Studying a thriving labour union in Alberta is a bit like studying an organism that flourishes in scorching, sulfur-laden undersea vents. Until recently, Alberta’s labour protections have been even flimsier than those of most US states. Its rate of unionization is the lowest in Canada. A prominent rural meatpacking plant used to dangle a banner boasting “Proudly Union-Free.” Against these odds, one Alberta union has achieved remarkable wins over the past two decades, especially with organizing new immigrants, refugees, women and youth. United Food & Commercial Workers (UFCW) Local 401 had a reputation for being a conservative business union, so—as Jason Foster explores in Defying Expectations—what accounts for this organization’s unexpected success?
Foster’s background as a professor at Athabasca University and a former staffer with the Alberta Federation of Labour informs how he tells the story of UFCW 401. He begins with a violent 2005 strike at the Lakeside beef-processing plant in Brooks. A wildcat protest by Sudanese workers triggered this job action, which ultimately won a first contract for over 2,000 employees. Drawing on extensive interviews, document analysis and first-hand observation, the first half of the book chronicles Local 401’s improvised evolution from 1997 to 2017 as it becomes increasingly militant. In the second half, Foster critically analyzes the narratives and leadership context that help explain the union’s “accidental” renewal. By offering a rich record of Local 401’s history and a broad theoretical view of how to make unions more effective today, this case study is immensely valuable to academics and the labour movement alike.
At the heart of Defying Expectations is an argument to consider unions in their messiness and totality, given their contradictory role of both working within and resisting capitalism. Foster suggests that if we drop pigeonholes such as “business unionism” or “social unionism,” we can better understand unions’ internal logic. For instance, Local 401’s top-down leadership structure belies the image of a social justice union; it’s had the same president since 1989 and lacks formal avenues for workers to voice dissent or join in decision-making. As Foster reveals, the union normalizes this state of affairs by relaying a story about a tough, fatherly figure who acts swiftly in members’ best interests. The book raises thorny questions about participatory democracy versus responding efficiently to capitalist forces. Further, it distinguishes between getting underserved workers to sign union cards and actually transforming the power structures that prop up whiteness and patriarchy.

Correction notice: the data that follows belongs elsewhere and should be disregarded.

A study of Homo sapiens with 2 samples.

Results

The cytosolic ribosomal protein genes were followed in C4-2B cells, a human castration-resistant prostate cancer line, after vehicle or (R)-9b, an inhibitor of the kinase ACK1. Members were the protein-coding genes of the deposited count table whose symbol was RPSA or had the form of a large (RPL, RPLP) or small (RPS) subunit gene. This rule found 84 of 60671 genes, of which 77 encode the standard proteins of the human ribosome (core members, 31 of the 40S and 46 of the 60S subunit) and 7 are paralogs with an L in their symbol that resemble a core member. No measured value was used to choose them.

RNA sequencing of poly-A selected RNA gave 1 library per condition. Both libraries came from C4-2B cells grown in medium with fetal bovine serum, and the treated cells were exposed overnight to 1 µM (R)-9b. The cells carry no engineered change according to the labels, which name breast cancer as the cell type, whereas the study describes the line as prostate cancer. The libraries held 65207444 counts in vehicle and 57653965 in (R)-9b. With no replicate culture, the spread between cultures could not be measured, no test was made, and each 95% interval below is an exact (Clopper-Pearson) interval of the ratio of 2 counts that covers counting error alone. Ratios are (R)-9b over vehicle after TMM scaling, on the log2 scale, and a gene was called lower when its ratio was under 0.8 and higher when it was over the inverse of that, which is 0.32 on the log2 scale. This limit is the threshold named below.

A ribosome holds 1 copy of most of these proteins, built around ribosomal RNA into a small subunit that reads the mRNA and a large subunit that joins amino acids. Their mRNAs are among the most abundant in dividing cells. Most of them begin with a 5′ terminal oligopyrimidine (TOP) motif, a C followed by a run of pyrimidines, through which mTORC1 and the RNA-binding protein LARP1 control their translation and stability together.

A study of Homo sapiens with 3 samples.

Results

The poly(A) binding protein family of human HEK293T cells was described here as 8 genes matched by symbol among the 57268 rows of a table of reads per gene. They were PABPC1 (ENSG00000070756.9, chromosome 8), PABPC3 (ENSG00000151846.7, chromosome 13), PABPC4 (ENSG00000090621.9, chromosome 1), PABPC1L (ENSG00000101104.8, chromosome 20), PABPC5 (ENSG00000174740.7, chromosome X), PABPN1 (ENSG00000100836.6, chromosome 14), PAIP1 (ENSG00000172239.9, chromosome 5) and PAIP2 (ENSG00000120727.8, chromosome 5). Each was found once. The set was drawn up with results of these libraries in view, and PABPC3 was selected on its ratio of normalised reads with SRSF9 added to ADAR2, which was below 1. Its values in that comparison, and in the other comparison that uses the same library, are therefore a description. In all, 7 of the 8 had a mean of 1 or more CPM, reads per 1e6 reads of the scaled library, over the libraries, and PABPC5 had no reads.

Given the subject, I wish the book had dug into some of the exciting conversations among activists and academics today about how progressive social movements can be better attuned to the intersection of class politics and identity politics. To present a unified front, the labour movement has often downplayed the distinct ways that race, citizenship, disability and other markers of social difference shape workers’ lives. Likewise, I would have welcomed details on how Local 401 successfully unionized migrant workers, who can be deported simply for exercising their rights. But what the book does offer is far more interesting and hopeful than a glorification of Local 401. Defying Expectations portrays an imperfect organization that, despite a harsh political climate, has brought concrete gains to low-wage workers and their families. Simultaneously, it underscores how the North American labour movement might connect with those who stand to benefit most from unionization by redistributing not just profits, but power.
—Anelyse Weiler is a doctoral candidate in sociology at the University of Toronto and a scholar with the Trudeau Foundation.